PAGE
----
A journal about real and imagined spaces and places of the US South and their global connections

1108 Dynamite Hill

Highland Falls, New York
New Orleans, Louisiana
Published December 16, 2021


In this brief documentary video by Joseph Quintana and Mary Campbell Kitchens, Jeff Drew situates his family home within the geography of the civil rights movement. Drew's home was among several residences bombed by white supremacists from 1947–1965 in a neighborhood of Birmingham, Alabama, that came to be known as Dynamite Hill.



Jeff Drew, born in 1951, is a lifelong resident of Birmingham, Alabama's North Smithfield neighborhood. In 2013, following the fiftieth anniversary commemoration of the Birmingham campaign of the civil rights movement, Drew was inspired to be his neighborhood's oral historian: "The people who can tell the story are dying off." 

Long before Birmingham was a center of 1960s movement protest, the hilly residential street where Drew grew up and still resides was a battleground in the fight against segregation. In the 1940s, Center Street was the dividing line between white and Black property: white residents on the west side and Black residents on the east side. Ignoring Jim Crow, Drew's family and other Black families crossed the color line and built homes on the west side of Center Street. Between 1947 and 1965, Black residences in Birmingham were bombed at least fifty times.

A graduate of Morehouse College in Atlanta, Jeff Drew's father, John (1908–1991), co-founded the Alexander Insurance Agency with the mission of providing affordable insurance to Black customers. While a Morehouse student, John Drew met Alfred Daniel King, Dr. Martin Luther King, Jr.'s brother. Participants in the Montgomery bus boycott in 1955–56 faced a dilemma: retaliating against Black protestors' refusal to ride the busses, the city imposed higher car insurance fees. When Dr. King asked his brother if he knew anyone who could help, Alfred connected him with John Drew, beginning a relationship that would last until Dr. King's assassination. 

Map showing the general area of Dynamite Hill and the Drew household at 1108 Center Street, Birmingham, Alabama. Map by and courtesy of Stephanie Bryan.

John Drew and Dr. King, along with local Birmingham civil rights leaders such as Fred Shuttlesworth and Arthur Shores, worked closely together to tear down Birmingham's segregated zoning ordinances, paving the way for Black families to live on the west side of Center Street—but not without brutal backlash. The area was bombed so frequently it became known as "Dynamite Hill," in a city already dubbed "Bombingham." Led by the Ku Klux Klan, assailants took to the cover of night to throw bombs, burn doors, and shoot into homes. 

Atop Dynamite Hill, the Drew household was a high priority target for domestic terrorism because it was also a safehouse for civil rights organizing. Addine Drew (1916–2003), Jeff's mother, was known as the "Den Mother" of the movement. The trust between the Drews and Dr. King was so strong that he would stay with the family when in Birmingham. Local Black leaders would meet at 1108 Dynamite Hill to plan the next moves for equality. Jeff Drew tells of his childhood in this space, how he spent nights listening in on strategic conversations and woke up to find Dr. King sleeping on the couch. Given the profiles of those in attendance, these meetings were difficult to keep secret, so they were constantly under assault.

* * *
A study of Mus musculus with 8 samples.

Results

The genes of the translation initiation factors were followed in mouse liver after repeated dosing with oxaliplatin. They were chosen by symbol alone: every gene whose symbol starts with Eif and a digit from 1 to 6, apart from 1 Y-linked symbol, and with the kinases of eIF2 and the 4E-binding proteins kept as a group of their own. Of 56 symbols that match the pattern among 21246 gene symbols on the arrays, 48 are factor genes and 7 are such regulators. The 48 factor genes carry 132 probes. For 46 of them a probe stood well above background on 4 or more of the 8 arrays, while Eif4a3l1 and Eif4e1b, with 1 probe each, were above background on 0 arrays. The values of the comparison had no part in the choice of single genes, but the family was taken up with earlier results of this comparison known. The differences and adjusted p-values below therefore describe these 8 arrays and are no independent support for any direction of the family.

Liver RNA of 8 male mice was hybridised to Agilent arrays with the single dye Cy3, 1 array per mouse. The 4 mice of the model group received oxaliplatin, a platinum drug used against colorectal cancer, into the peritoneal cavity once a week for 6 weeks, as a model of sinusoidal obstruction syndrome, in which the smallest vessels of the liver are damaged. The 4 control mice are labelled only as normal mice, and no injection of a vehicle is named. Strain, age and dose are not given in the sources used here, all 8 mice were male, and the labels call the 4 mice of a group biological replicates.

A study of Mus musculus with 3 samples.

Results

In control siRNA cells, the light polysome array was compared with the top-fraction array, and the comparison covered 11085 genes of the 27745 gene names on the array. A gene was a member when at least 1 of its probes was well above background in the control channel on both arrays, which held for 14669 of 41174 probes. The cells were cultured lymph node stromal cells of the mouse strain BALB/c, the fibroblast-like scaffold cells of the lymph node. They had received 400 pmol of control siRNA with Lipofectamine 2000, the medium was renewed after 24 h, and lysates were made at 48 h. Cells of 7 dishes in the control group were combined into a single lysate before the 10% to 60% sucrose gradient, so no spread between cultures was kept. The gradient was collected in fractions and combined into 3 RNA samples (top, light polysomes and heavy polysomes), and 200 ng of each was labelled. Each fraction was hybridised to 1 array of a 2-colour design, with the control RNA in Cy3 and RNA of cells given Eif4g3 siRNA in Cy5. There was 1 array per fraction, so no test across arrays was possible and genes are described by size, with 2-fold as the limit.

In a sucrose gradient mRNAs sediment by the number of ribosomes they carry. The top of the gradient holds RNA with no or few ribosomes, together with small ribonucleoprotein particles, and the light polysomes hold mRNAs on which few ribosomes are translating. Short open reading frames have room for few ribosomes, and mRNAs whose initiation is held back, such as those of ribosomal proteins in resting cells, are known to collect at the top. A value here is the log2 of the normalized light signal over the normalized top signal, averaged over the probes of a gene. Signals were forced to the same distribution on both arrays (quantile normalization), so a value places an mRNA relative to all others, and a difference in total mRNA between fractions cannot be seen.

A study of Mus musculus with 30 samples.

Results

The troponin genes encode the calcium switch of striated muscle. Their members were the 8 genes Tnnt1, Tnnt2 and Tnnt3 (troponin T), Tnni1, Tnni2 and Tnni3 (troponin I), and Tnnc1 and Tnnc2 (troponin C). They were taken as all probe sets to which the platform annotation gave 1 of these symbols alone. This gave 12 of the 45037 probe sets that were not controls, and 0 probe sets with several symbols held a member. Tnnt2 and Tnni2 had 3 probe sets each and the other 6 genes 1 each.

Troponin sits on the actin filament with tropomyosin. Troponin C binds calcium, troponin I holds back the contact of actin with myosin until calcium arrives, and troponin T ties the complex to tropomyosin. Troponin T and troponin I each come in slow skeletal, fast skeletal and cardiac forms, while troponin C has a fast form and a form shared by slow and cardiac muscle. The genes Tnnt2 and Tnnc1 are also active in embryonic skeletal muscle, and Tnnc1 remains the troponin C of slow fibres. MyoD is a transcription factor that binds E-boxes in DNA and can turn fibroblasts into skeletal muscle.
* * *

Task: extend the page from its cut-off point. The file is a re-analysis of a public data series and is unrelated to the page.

The original street-facing window of 1108 was a grand, cathedral-style frame—a colossal opening into a living room where the organizers met. Shot at and shattered countless times, the scenic window now only exists in photographs. After sustaining several bombings and much gunfire, the Drews had the home rebuilt with a new structure designed to endure bomb blasts. They constructed eight-foot tall brick walls that encased the perimeter of 1108 and reconfigured the interior so that the bedrooms were the furthest away from the street. The walls held and have endured, with the scars of attempted murders visible on the bricks. 

The opportunity to hear Jeff Drew's story is a recent development. After Birmingham's 2013 commemoration, Drew told reporters that his parents asked him to never give interviews about "Uncle Mike" for fear that the white press would seek to tarnish his legacy and that of other local Black activists. With time, and the passing of many 1960s movement participants, Drew decided that he would talk more about this history. Seeing Drew outside 1108 talking to whoever will listen is as ordinary as seeing the mail being delivered. The only time he might turn down a conversation would be under similar circumstances to when he had us reschedule: he had a lunch date with childhood neighbor Angela Davis.


Special thanks to Jeff Drew for treating strangers like neighbors and taking the time to share his essential story.

About the Authors

Joseph Quintana earned his MA in Communication Studies from the University of Alabama in 2019. He recently received a screenwriting certificate from NYU Tisch School of the Arts and is currently pitching prospective screenplays and researching documentary subjects.

Mary Campbell Kitchens is a graduate from the University of Alabama and works as a secondary math special education instructor in New Orleans, Louisiana.